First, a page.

Jeremy Clarkson review: BMW M135i

BMW M | November 21st, 2012 by 18
BMW M135i photos 352 750x500 Jeremy Clarkson review: BMW M135i

Renowned British journalist and host of Top Gear Jeremy Clarkson shares his own impressions on one of the most fun to drive BMWs, the M135i. …

Renowned British journalist and host of Top Gear Jeremy Clarkson shares his own impressions on one of the most fun to drive BMWs, the M135i.

BMW M135i is powered by a 3-litre, straight six-cylinder engine and 235 kW/320 hp and 450 Nm of torque at 4,500 rpm. The technology package includes a TwinScroll turbocharger, direct High Precision Injection with central multi-hole injectors, VALVETRONIC variable valve control and Double VANOS variable camshaft timing.

The BMW M135i sprints from 0 to 100 km/h in just 5.1 seconds (automatic: 4.9 seconds) and reaches a top speed of 250 km/h – the top limit permitted by the vehicle’s electronic speed control system. Average fuel consumption in the EU test cycle is 8.0 liters (7.5 liters)/100 km, and the CO2 emissions level is 188 grams (175 grams) per kilometer.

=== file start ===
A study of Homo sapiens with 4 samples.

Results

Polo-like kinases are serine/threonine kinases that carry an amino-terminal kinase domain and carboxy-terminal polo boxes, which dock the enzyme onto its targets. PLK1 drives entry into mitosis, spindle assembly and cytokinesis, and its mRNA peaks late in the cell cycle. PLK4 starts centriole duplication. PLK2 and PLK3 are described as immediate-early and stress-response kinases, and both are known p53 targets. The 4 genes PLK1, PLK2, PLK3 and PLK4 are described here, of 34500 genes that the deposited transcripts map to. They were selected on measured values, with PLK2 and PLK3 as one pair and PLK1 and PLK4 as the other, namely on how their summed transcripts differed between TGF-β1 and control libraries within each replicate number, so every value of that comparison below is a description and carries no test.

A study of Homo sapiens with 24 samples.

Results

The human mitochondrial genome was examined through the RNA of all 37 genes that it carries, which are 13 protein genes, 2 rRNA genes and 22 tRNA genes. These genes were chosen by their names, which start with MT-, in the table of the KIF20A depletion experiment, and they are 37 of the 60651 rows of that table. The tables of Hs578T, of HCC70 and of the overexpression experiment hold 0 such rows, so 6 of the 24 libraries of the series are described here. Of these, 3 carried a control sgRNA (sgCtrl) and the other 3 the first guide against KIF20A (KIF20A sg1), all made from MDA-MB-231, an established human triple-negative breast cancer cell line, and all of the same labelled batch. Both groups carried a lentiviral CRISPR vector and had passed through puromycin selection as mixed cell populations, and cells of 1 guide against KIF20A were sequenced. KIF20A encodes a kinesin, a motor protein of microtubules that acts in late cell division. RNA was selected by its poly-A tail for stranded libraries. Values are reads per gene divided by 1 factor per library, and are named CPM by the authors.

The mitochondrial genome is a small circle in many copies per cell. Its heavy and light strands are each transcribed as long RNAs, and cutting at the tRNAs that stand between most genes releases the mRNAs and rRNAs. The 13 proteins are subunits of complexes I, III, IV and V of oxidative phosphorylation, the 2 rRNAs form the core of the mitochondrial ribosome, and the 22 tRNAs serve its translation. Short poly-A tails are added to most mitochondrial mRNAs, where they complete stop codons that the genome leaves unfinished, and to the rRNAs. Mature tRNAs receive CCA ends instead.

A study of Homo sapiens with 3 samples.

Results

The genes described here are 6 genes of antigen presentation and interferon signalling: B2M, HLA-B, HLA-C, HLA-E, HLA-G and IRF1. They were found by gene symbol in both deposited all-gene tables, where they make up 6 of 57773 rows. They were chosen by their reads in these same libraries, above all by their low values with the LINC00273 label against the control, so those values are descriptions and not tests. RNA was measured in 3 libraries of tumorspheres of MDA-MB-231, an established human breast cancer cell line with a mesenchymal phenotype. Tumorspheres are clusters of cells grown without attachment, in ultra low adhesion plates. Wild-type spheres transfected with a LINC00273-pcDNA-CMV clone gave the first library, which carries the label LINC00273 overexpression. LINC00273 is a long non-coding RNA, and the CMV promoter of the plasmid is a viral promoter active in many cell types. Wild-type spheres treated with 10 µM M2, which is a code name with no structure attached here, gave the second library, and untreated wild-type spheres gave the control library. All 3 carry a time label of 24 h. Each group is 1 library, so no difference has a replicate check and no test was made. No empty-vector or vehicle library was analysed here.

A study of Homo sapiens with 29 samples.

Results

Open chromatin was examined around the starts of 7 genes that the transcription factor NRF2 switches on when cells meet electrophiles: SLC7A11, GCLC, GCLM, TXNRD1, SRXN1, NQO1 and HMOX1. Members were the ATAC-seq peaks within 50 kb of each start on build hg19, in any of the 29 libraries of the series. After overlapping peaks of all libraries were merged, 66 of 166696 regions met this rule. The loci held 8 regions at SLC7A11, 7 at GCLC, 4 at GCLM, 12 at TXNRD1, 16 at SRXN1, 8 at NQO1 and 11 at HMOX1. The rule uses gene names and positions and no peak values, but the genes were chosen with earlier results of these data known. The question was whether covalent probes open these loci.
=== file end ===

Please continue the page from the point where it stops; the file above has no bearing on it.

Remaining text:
But how does it drive? Let’s see an excerpt from his review:

BMW M135i photos 352 655x436 Jeremy Clarkson review: BMW M135i

And that’s what gives the BMW M135i such massive appeal. You will never go round a corner trailing smoke from its out-of-shape rears . . . but it’s nice to know you could.

There is a lot more to commend this car as well. It has a supremely comfortable driver’s seat, an excellent steering wheel, impossibly Germanic controls and a perfect driving position. Get in and, no matter what age has done to your frame, you will immediately feel at one with the machine. Then there’s the engine. To appease those of a tree-hugging disposition, it is fitted with a compound turbocharger, which means that, after a hint of lag, there is a never-ending stream of bassy, gutsy power. In the real world, where there are other motorists and lampposts and policemen, this car is as fast as you would ever want.

And because it’s rear-wheel drive, the front wheels don’t have to multitask. They have only to worry about steering, which means the car feels balanced. It’s fantastic — as good as the Mercedes A 250 AMG I tested recently was bad.

There’s more, too. While it’s better- looking than its predecessor, which had the appearance of a bread van, it’s still no beauty. But, like all modern BMWs, it’s understated and tasteful. Yes, rivals have more space inside, but we’re talking about a few centimetres here and a bit of an inch there. And if you truly like cars and truly like driving, that is a price well worth paying.